By Alexandria Jaffe and Bill Barrow
Former President Barack Obama blasted President Donald Trump’s handling of the coronavirus, his culpability in national discord and his overall fitness for the job on Wednesday as he made his first in-person campaign pitch for his former vice president, Joe Biden.
With less than two weeks before Election Day, Obama used a drive-in campaign rally in Philadelphia to assure voters that Biden and his running mate, Kamala Harris, can mend a fractured country. He lauded the merits of democracy and citizenship as “human values” that the United States must again embrace.
“America is a good and decent place, but we’ve just seen so much nonsense and noise that sometimes it’s hard to remember,” Obama said, after spending much of his 35-minute speech upbraiding Trump as “incapable of taking the job seriously” and interested only in himself.
“I’m asking you to remember what this country can be,” Obama said. “I’m asking you to believe in Joe’s ability and Kamala’s ability to lead this country out of these dark times and help us build it back better.”
Obama’s visit to Philadelphia underscores the significance of Pennsylvania, the Rust Belt state that helped deliver Trump the White House four years ago. Pennsylvania is the battleground state that Biden has visited the most this campaign season. Trump has prioritized the state as well, aware that his path to victory would narrow considerably without the state’s 20 electoral votes. The president on Wednesday was in Erie, one of a handful of Pennsylvania counties that Obama won twice before it flipped to Trump.
Obama paid heed especially to disillusioned voters, including Black men and progressives wary of Biden. He urged them not to sit out the Nov. 3 election, warning that complacency from some liberal voters is what helped Trump get elected four years ago.
“What we do these next 13 days will matter for decades to come,” Obama said. “The fact that we don’t get 100% of what we want right away is not a good reason not to vote.”
As with his Democratic National Convention speech two months ago, Obama pulled no punches on his successor. This time, though, he employed humor, sarcasm and outright incredulity befitting the trappings of a campaign rally. Tieless and with his sleeves rolled up, Obama stood on a stage facing car-bound supporters watching him on screen and rewarding his attack lines with a cacophony of honking horns.
Beneath the scorn was a defense of his own record.
“I never thought Donald Trump would embrace my vision or continue my policies, but I did hope for the sake of the country that he might show some interest in taking the job seriously,” Obama said. Trump “wants full credit for the economy he inherited and no blame for the pandemic he ignored.”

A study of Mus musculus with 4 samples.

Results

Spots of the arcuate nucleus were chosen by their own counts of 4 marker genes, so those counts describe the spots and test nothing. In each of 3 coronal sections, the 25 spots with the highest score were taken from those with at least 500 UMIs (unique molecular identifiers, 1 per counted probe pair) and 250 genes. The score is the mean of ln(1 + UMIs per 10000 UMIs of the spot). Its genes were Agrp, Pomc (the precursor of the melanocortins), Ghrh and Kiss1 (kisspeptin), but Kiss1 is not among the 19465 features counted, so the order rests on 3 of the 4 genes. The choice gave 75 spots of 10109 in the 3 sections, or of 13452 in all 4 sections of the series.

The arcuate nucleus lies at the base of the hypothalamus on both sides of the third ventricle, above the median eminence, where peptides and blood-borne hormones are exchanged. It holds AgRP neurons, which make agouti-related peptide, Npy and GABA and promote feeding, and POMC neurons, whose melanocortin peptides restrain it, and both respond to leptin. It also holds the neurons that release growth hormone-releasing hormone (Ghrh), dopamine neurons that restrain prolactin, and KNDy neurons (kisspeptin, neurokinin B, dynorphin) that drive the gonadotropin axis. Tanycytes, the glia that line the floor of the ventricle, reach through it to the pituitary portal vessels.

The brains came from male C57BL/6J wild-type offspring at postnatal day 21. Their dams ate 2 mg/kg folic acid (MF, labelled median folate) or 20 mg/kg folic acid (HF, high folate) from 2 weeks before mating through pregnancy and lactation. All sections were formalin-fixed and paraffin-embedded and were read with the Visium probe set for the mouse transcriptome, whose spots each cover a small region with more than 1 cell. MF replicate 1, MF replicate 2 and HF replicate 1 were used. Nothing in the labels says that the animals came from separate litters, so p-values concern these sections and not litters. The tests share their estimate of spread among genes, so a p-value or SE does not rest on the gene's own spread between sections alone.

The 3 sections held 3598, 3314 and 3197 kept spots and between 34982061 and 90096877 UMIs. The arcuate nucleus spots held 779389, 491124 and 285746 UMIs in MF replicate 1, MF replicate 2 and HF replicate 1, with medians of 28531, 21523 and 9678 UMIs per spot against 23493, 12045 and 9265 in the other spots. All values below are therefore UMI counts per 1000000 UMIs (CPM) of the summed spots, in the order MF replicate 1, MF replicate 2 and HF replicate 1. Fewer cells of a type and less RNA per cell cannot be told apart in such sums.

He disparaged the GOP’s “shameful” attempts to gut the 2010 Affordable Care Act while always promising a replacement. “It’s been ‘coming in two weeks’ for the last 10 years. Where is it? Where is this great plan to replace Obamacare?” he asked. “There is no plan. They’ve never had one.”
Noting Trump’s penchant for insulting “anybody who doesn’t support him,” Obama vouched for Biden’s “empathy (and) decency,” and he argued the distinction matters beyond style.
“Why would we accept this from the president of the United States, and why are folks making excuses for that?” Obama said. “There are consequences to these actions. They embolden other people to be cruel and divisive and racist.”
Four years ago, Obama delivered Hillary Clinton’s closing argument in Philadelphia — at a rally for thousands the night before Election Day on Independence Mall. With his reprisal for Biden, Obama reminded voters of 2016, when Trump upset Clinton narrowly in Pennsylvania, Michigan and Wisconsin to forge an Electoral College majority despite losing the popular vote nationally.
“I don’t care about the polls,” Obama said. “There were a whole bunch of polls last time. Didn’t work out because a whole bunch of folks stayed at home and got lazy and complacent. Not this time. Not this election.”
The roundtable was a personalized version of the same message, with the nation’s first Black president urging Black men not to give into apathy. The host city, Philadelphia, is among the Democratic bastions in key battleground states where Black turnout four years ago fell off from Obama’s 2012 reelection in large enough numbers to tip the election in Trump’s favor.
Obama said he understood young voters’ skepticism and disinterest. “I’ll confess, when I was 20 years old, I wasn’t all that woke,” he said, adding that young Black men are “not involved because they’re young and they’re distracted.”
But he said not voting gives away power because politicians respond to and reflect the citizens who cast votes.
Despite the smaller scale, Democrats say Obama remains perhaps the party’s greatest campaign asset, including for Biden, given their personal ties.
He is also planning to campaign for Biden in Miami on Saturday.
Obama said the future of the country is at stake.
“We’ve got to vote like never before,” he said in Philadelphia, “and leave no doubt.”